Hard-to-Get Russian Bonds Like Gold Dust for Desperate Investors

Updated on
  • Corporate bond supply tumbles by $31 billion since sanctions
  • Yields slide toward record amid supply crunch, rate hunt

Russian corporate bonds have become so scarce under sanctions they’re leaving yield-chasing investors desperate to buy more.

Since U.S. and European penalties largely cut Russian issuers off from global financing in early 2014, the supply of hard-currency debt from companies has tumbled by $31 billion, or 19 percent, according to data compiled by UralSib Capital. That’s created a dearth of bonds for money managers seeking refuge this year from near-zero rates.

“There is a kind of gold-dust premium in Russia,” said Ariel Bezalel, who oversees Jupiter Asset Management Ltd.’s $7 billion Dynamic Bond fund as a money manager in London. “There have been times when we’ve looked to increase our exposure in certain issuers and we can’t. There’s just none around.”

Russia is at the epicenter of a liquidity crunch in emerging-market debt caused by a sudden surge in demand for higher-yielding assets as Britain’s vote to leave the European Union in June prompted a fresh wave of stimulus measures from central banks worldwide. Since sanctions barred many Russian companies from issuing debt abroad, some have bought back bonds, further exacerbating the supply squeeze.

As demand outstrips supply in the world’s largest energy producer, corporate bonds have rallied, sending yields down 183 basis points on average this year to 4.24 percent, within 37 basis points of a record low set in January 2013, according to Bank of America Merrill Lynch indexes. That’s mirrored in rates across emerging markets, which are down 170 basis points in the period to 4.8 percent, and compares with a yield of 1.60 percent in 10-year Treasuries and minus 0.05 percent for similar-maturity German bonds.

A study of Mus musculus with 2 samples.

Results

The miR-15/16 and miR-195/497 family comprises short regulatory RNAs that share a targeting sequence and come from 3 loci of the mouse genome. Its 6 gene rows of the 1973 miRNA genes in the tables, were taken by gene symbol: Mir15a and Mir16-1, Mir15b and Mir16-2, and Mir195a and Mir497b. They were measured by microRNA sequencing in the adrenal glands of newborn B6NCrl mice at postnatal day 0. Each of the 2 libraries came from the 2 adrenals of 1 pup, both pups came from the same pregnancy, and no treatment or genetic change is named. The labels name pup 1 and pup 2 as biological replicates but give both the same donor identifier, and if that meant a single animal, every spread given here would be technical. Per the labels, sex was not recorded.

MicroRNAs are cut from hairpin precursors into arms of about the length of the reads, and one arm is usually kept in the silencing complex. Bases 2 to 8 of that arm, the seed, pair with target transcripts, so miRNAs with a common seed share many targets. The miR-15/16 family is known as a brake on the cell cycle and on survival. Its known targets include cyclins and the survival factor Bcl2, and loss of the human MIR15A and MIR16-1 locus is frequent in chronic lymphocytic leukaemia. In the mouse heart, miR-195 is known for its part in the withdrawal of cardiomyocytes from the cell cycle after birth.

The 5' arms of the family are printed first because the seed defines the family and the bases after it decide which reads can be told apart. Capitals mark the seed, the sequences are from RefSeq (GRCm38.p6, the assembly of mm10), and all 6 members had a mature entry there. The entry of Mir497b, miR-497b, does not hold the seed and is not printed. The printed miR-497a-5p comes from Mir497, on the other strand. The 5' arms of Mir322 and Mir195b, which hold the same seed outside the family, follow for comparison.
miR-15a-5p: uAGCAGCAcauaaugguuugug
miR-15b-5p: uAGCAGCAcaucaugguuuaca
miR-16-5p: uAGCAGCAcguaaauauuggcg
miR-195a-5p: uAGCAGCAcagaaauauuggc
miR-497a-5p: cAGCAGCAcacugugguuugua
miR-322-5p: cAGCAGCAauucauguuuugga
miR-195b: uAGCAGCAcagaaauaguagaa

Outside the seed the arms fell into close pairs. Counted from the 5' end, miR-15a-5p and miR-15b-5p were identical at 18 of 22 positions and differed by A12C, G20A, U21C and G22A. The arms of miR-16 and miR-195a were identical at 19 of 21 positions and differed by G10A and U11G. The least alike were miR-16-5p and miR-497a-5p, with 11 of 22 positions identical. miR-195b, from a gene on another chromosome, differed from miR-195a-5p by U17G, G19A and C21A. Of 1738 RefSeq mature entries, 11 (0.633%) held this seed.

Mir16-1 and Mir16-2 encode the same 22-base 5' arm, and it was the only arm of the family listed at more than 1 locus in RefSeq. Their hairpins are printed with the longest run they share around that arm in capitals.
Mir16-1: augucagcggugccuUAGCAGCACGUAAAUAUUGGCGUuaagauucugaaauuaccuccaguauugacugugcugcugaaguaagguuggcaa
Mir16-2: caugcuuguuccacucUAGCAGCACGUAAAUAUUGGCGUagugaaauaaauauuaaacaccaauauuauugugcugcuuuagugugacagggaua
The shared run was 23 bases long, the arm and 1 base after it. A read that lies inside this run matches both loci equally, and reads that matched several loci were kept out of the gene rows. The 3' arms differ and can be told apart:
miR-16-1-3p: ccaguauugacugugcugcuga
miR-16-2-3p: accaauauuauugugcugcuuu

Declining yields and rising valuations aren’t discouraging investors, who poured $14 billion in emerging-market debt funds in July, the biggest monthly inflow on record, according to EPFR Global data.

“When there are big inflows, the scramble for bonds can be bigger,” said Siddharth Dahiya, who helps oversee about $11 billion including in Russian bonds at Aberdeen Asset Management Plc in London as head of emerging-market corporate debt. “It’s a bit of a challenge to find bonds but you can always buy them. You just have to pay a little bit more for them.”

Bond scarcity in the secondary market is forcing larger funds to rely on new offerings to meet portfolio allocation requirements, according to Joep Huntjens, a money manager at Netherlands-based NN Group NV, which oversees about $8 billion in emerging-market debt.

“Selling is easy in this environment, but buying bonds is difficult,” said Huntjens, who has an overweight position in Russian debt. “In Russia the situation is especially tight because a lot of the issuance we have seen has been used to tender some existing bonds.”

While unsanctioned companies like Gazprom PJSC and steelmaker Evraz Group SA have returned to international markets in recent months, sales of Russian hard-currency corporate bonds have dwindled to about $4 billion this year, a 10th of the record volume in 2013. VTB Group, which was barred from selling debt abroad, bought back about $1.6 billion of bonds last year.

Holding On

The supply squeeze leaves investors vulnerable to sudden changes in the environment and shift in demand. Sentiment toward Russian debt could quickly change amid a drop in the price of oil, the nation’s main export earner, or an unexpected political event, according to Anton Kerkenezov, a money manager who helps oversee about $5 billion of emerging-market bonds at Aviva Investors in London.

For now, the hunt for yield is offsetting concern about geopolitics and oil prices, which are trading near a three-month low. Russian corporate bonds have handed investors returns of 23 percent in the past two years, the most among peers after Argentina, according to Bloomberg USD Emerging Market Corporate Bond indexes.

“Valuations are somewhat stretched at the moment, but I don’t really see any need to sell them,” said Jupiter’s Bezalel. “I don’t see any catalyst that would lead to the prices going lower at the moment because the bond market is shrinking.”